The North American soccer personality argues that the U.S. has regressed since the 2010 World Cup and is worried about the current state of affairs at the USSF.
It is time to be honest when it comes to the United States men’s national team and the sad reality is that it appears to be taking a step backwards since its 2010 run at the World Cup.
After watching the 2-1 Gold Cup group stage loss against Panama, it is obvious that there is a lack of motivation and it feels like the only team the U.S. is interested in playing against is Mexico.
Let’s give credit where it is due. The United States Soccer Federation has tried to inspire its team by arranging exhibitions against international powerhouses. As opposed to playing against weaker teams, Sunil Gulati has organized games against Brazil, Paraguay, Argentina and even the world champion Spain. So for that he deserves praise.
The problem lies in the fact that I am not sure whether or not these games are giving me an idea of whether the U.S. is improving or not. I am tempted to believe that the higher level of competition is almost giving the U.S. an excuse to fail.
There are inherent problems with having a coach for two World Cup cycles. We saw it with Bruce Arena and I think we are now seeing it with Bob Bradley. I am a huge fan of Bradley’s career since his days with the Metrostars and of course Chivas USA. I am an even bigger fan of his son Michael Bradley, who I think is actually one of the best-to-box midfielders around the world. Despite those two factors, I am beginning to wonder if Bob has taken the U.S. as far as he can.
The two games in the Gold Cup have pointed to serious problems that have been following the U.S. since the World Cup. Namely, that the U.S. does not seem to be up for playing in games until it gets behind. That is an issue of motivation and preparation and the responsibility lies with the coach.
It is a great trait to be able to rally when your backs are against the wall but when it becomes your default approach to the game, you have some major dilemmas.
Against Canada, which is a poor team on the best of days, the U.S. was able to get by with a truly unconvincing performance that was way harder than it should have been, even if the pitch was shockingly poor in Detroit last Tuesday.
In Saturday night's defeat against Panama, the U.S. couldn’t deal with Panama’s attack or handle its passing and its possession. Down two at halftime and I knew that game was over because Panama actually had something about it. The team was not the novices that we have come to expect from the CONCACAF rank and file.
So essentially in one week, the U.S. has been humiliated by Spain, made to work way too hard against Canada and beaten convincingly (the score line notwithstanding) by a proficient Panama.
Sadly, there were only two players that looked worth their spot in Tampa: Michael Bradley and Steve Cherundolo. After that, there are plenty of problems that are beginning to show itself for the U.S.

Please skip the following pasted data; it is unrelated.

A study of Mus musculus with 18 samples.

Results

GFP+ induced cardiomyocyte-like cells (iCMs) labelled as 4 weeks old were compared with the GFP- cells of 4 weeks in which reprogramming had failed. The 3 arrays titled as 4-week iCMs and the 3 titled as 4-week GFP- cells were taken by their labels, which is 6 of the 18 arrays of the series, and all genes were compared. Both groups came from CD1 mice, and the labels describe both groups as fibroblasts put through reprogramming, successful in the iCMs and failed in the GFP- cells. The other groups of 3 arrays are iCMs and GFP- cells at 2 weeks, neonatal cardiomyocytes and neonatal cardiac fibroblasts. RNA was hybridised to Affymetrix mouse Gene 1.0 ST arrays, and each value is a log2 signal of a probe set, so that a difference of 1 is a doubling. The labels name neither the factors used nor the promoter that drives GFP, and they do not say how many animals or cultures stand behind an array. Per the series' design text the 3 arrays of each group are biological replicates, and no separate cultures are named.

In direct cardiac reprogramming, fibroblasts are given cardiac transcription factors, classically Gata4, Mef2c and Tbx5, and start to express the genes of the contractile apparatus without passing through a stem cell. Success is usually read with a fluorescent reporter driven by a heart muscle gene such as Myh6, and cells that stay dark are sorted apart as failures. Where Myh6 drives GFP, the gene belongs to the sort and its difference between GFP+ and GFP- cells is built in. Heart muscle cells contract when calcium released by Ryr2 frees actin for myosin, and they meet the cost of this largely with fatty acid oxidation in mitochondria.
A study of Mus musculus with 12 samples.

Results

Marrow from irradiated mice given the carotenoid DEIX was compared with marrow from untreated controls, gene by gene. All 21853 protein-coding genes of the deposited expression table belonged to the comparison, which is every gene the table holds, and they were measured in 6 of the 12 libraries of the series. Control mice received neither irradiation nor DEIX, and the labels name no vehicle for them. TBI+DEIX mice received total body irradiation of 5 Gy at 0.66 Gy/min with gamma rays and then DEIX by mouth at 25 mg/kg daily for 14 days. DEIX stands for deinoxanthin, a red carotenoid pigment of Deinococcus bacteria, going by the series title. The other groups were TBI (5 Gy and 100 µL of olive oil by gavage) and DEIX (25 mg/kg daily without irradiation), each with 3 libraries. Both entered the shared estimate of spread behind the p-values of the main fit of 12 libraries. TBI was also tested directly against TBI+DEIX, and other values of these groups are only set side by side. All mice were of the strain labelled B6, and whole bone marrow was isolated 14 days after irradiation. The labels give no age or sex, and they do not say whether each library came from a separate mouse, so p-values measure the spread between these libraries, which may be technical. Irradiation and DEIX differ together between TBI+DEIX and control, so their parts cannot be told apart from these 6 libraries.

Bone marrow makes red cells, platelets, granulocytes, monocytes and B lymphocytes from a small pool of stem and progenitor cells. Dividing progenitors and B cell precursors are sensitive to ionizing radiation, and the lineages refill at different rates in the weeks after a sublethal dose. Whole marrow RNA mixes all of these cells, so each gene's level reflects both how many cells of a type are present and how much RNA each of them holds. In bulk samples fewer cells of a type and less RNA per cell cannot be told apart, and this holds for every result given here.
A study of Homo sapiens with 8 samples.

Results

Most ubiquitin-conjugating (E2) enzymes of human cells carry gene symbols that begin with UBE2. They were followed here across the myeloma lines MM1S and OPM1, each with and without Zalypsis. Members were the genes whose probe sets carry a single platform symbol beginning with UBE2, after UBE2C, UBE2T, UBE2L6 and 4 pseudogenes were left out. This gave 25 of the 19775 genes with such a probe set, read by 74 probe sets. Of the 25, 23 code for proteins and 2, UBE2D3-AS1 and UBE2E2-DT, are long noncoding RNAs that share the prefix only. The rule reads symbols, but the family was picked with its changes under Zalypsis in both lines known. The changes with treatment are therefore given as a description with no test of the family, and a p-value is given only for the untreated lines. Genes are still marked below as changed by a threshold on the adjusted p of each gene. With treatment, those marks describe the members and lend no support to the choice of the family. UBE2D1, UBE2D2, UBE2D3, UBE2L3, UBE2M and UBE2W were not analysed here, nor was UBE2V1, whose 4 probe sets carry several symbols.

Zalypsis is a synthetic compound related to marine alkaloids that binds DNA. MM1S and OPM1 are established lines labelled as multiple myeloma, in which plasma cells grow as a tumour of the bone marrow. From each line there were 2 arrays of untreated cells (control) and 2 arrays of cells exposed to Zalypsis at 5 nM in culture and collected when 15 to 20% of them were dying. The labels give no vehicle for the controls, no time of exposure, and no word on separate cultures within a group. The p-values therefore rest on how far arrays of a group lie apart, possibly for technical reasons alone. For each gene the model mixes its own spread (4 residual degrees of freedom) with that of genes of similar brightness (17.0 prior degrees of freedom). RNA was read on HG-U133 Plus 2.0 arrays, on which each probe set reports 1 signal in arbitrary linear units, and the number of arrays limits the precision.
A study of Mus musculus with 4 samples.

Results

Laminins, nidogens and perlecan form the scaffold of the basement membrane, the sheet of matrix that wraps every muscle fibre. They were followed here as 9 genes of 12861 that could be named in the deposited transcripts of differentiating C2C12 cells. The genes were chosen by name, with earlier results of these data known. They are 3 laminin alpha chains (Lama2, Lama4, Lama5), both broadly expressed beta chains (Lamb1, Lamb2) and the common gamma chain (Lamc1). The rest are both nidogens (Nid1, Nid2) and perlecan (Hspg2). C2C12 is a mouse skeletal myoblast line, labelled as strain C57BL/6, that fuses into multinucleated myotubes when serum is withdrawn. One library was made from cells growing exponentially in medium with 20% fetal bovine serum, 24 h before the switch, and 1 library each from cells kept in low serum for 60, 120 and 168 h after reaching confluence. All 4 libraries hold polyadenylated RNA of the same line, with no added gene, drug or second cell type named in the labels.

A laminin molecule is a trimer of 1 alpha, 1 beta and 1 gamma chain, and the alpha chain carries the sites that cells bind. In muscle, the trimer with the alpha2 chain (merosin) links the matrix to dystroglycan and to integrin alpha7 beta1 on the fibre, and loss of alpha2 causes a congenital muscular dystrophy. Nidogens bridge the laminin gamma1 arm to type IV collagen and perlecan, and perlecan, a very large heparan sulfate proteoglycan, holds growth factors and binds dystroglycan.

Are we seeing the decline of Landon Donovan on the international stage because he sure does not look like the same player even from last year’s World Cup?
And why is Charlie Davies not on this squad?
I know that he wasn’t completely fit before Bradley had to make his selections for the Gold Cup roster but there is room for him in this U.S. squad. The options upfront are not brimming with talent and I wonder whether or not he is still being punished for breaking curfew and being involved in an accident that almost cost him his life.
Davies has to be the man to be up top as Altidore doesn’t cut it. If you want Agudelo play with someone who he can learn from, then Davies should have been chosen as his work rate is unparalleled compared to the other U.S. striking options. Altidore has had way too many opportunities to shine at this level and has come up short.
There also seems to be a lack of intelligent decisions tactically. After seeing Maurice Edu’s impact in the World Cup, it appears that Bradley has taken nothing from that and continues to avoid giving him a chance in the starting 11. But the farcical tactical decisions don’t stop there.
The biggest area of decline lies in the defense. Since the World Cup, the U.S. has played 10 matches, winning two, drawing four and losing four. Even against decent opposition that is not good enough from a results perspective but it is the performances and the capitulations that are the bigger concerns.
The Oguchi Onyewu era is over but there aren’t any real successors ready to take his place.
Omar Gonzales is talked about but he is not ready quite yet and Tim Ream is not good enough and is too left footed. Clarence Goodson, despite his goal against Panama, is simply not strong or quick enough.
Where is the talent ready and waiting to take its place? I don’t see it.
However, don’t count the U.S. out yet. The Ameicans will most likely beat Guadeloupe and regain the confidence to get through the quarter and semifinals. If that happens, the U.S. will be facing a Mexican side that has astonished the tournament dominating all of its opponents.
Anything but a Gold Cup victory on U.S. soil would require the USSF to look at itself and consider major changes. But does it have courage to do so? We all know the answer to that one.
It is time for a change at the helm if the U.S. doesn’t win the Gold Cup. It is time to stop resting on laurels. The players have become too comfortable under the current regime.
CONCACAF is arguably the second-least talented region in the world and the rank and file is catching us. That is not good enough. The U.S. has real genuine class and talent in its midfield led by Bradley but it is going to waste. That sounds to me like a coaching issue.